Calculated Risks: How to Know When Numbers Deceive You


 

Synopses & Reviews

Publisher Comments:

At the beginning of the twentieth century, H. G. Wells predicted that statistical thinking would be as necessary for citizenship in a technological world as the ability to read and write. But in the twenty-first century, we are often overwhelmed by a baffling array of percentages and probabilities as we try to navigate in a world dominated by statistics.

Cognitive scientist Gerd Gigerenzer says that because we haven't learned statistical thinking, we don't understand risk and uncertainty. In order to assess risk — everything from the risk of an automobile accident to the certainty or uncertainty of some common medical screening tests — we need a basic understanding of statistics.

Astonishingly, doctors and lawyers don't understand risk any better than anyone else. Gigerenzer reports a study in which doctors were told the results of breast cancer screenings and then were asked to explain the risks of contracting breast cancer to a woman who received a positive result from a screening. The actual risk was small because the test gives many false positives. But nearly every physician in the study overstated the risk. Yet many people will have to make important health decisions based on such information and the interpretation of that information by their doctors.

Gigerenzer explains that a major obstacle to our understanding of numbers is that we live with an illusion of certainty. Many of us believe that HIV tests, DNA fingerprinting, and the growing number of genetic tests are absolutely certain. But even DNA evidence can produce spurious matches. We cling to our illusion of certainty because the medical industry, insurance companies, investment advisers, and election campaigns have become purveyors of certainty, marketing it like a commodity.

To avoid confusion, says Gigerenzer, we should rely on more understandable representations of risk, such as absolute risks. For example, it is said that a mammography screening reduces the risk of breast cancer by 25 percent. But in absolute risks, that means that out of every 1,000 women who do not participate in screening, 4 will die; while out of 1,000 women who do, 3 will die. A 25 percent risk reduction sounds much more significant than a benefit that 1 out of 1,000 women will reap.

This eye-opening book explains how we can overcome our ignorance of numbers and better understand the risks we may be taking with our money, our health, and our lives.

Review:

"Gigerenzer deftly intersperses math lessons explaining concepts like frequency and risk in layperson's terms with real-life stories involving doctors and detectives." Publishers Weekly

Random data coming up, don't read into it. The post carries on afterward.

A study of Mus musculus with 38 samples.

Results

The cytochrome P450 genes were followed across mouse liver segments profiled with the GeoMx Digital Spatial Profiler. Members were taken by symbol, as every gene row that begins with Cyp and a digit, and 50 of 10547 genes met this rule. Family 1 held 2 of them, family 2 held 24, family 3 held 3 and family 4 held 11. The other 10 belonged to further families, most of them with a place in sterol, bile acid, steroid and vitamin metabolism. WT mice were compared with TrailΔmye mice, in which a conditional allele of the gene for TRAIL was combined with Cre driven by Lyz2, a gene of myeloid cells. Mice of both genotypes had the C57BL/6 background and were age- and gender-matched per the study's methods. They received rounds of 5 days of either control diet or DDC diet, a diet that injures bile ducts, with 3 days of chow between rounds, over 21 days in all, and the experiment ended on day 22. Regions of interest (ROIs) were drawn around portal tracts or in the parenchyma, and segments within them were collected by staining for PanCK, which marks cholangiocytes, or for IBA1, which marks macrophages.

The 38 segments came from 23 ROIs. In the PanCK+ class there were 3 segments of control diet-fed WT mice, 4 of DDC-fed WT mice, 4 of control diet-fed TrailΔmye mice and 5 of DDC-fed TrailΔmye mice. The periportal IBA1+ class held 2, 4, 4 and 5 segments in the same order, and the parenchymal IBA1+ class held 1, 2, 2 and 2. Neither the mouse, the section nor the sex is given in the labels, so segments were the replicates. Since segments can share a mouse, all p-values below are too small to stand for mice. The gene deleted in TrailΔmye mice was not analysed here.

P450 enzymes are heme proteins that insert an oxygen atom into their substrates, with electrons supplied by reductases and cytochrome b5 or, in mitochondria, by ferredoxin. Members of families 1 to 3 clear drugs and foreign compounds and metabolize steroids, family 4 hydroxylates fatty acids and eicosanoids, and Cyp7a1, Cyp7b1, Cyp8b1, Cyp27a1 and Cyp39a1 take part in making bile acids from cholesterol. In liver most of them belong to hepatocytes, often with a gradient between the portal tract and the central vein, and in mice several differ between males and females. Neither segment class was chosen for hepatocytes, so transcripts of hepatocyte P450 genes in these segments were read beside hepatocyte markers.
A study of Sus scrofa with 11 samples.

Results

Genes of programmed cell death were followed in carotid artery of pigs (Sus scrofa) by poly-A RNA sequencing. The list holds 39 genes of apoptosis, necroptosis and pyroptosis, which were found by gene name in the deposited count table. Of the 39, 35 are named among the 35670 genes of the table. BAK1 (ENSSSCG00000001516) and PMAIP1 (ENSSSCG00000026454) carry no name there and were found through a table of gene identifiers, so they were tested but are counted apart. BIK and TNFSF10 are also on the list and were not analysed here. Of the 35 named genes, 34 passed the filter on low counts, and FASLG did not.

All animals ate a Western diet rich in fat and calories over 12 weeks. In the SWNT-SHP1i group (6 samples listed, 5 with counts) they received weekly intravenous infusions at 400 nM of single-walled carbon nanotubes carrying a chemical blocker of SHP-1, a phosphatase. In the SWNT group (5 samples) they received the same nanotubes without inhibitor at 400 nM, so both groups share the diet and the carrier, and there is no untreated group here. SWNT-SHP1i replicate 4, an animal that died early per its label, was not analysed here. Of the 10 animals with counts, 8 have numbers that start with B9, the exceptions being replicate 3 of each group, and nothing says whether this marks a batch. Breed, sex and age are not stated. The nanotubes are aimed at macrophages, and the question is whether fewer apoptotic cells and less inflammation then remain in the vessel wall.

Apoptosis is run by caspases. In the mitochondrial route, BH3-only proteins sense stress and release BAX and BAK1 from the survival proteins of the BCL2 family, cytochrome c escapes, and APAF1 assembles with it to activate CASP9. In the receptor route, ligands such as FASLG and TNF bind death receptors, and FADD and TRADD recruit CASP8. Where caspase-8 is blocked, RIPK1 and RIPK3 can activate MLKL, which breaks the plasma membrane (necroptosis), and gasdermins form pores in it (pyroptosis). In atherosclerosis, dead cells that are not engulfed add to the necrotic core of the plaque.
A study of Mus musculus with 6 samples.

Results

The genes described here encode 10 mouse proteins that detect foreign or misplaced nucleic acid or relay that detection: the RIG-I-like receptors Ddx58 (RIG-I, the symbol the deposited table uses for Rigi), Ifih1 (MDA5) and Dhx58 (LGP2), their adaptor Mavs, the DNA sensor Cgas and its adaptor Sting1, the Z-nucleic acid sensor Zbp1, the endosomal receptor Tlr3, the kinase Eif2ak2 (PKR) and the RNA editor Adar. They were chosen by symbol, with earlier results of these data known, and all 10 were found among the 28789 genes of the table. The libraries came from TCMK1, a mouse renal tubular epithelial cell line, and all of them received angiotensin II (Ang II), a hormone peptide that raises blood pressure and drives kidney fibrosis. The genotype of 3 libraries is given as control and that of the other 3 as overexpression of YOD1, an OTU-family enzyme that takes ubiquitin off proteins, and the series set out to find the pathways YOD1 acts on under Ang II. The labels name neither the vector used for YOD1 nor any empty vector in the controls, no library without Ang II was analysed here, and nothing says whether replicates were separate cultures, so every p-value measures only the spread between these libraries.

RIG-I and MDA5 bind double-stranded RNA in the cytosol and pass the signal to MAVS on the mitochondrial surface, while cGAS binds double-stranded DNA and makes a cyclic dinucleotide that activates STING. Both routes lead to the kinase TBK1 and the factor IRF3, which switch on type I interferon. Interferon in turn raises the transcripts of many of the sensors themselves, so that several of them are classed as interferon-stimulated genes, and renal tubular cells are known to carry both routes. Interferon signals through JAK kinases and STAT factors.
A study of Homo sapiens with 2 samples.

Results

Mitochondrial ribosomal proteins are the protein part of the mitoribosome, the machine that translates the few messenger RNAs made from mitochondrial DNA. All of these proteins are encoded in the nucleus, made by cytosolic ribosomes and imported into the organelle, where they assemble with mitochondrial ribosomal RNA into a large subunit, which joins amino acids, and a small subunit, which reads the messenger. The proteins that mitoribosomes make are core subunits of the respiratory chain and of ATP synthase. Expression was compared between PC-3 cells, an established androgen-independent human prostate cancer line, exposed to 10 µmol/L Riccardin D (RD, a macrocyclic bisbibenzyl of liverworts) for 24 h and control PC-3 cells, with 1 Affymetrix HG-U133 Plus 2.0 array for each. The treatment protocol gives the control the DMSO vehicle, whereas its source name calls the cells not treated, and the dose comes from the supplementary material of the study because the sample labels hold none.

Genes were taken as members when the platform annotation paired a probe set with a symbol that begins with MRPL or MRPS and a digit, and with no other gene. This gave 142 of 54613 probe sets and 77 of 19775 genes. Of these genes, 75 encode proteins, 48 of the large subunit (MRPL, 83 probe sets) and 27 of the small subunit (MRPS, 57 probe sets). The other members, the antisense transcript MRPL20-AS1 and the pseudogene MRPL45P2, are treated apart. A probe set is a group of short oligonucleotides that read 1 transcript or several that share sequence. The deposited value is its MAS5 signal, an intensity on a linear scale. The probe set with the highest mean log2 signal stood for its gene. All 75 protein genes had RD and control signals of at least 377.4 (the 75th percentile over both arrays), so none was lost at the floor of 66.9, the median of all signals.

Review:

"[Gigerenzer] his wit and humor transform what could have been a turgid academic exercise into an intriguing lesson from a master teacher." Booklist

About the Author

Dr. Gerd Gigerenzer is the Director of the Center for Adaptive Behavior and Cognition, Max Planck Institute for Human Development.

Product Details

ISBN:
9780743254236
Author:
Gigerenzer, Gerd
Publisher:
Simon & Schuster
Subject:
General
Subject:
Decision Making & Problem Solving
Subject:
Probability & Statistics - General
Subject:
General Social Science
Subject:
Dicision-Making & Problem Solving
Subject:
Education-Conflict Resolution
Copyright:
Edition Description:
B102
Publication Date:
January 2002
Binding:
TRADE PAPER
Grade Level:
General/trade
Language:
English
Illustrations:
28 line drawings t-o
Pages:
320
Dimensions:
9.25 x 6.12 in 17.465 oz


Education » Conflict Resolution
Health and Self-Help » Health and Medicine » General
History and Social Science » Sociology » General
Science and Mathematics » Mathematics » History
Science and Mathematics » Mathematics » Popular Surveys and Recreational
Science and Mathematics » Mathematics » Probability and Statistics » General
Science and Mathematics » Mathematics » Probability and Statistics » Statistics

Calculated Risks: How to Know When Numbers Deceive You Used Trade Paper
Product details 320 pages Simon & Schuster - English 9780743254236 Reviews:
"Review" by , "Gigerenzer deftly intersperses math lessons explaining concepts like frequency and risk in layperson's terms with real-life stories involving doctors and detectives."
"Review" by , "[Gigerenzer] his wit and humor transform what could have been a turgid academic exercise into an intriguing lesson from a master teacher."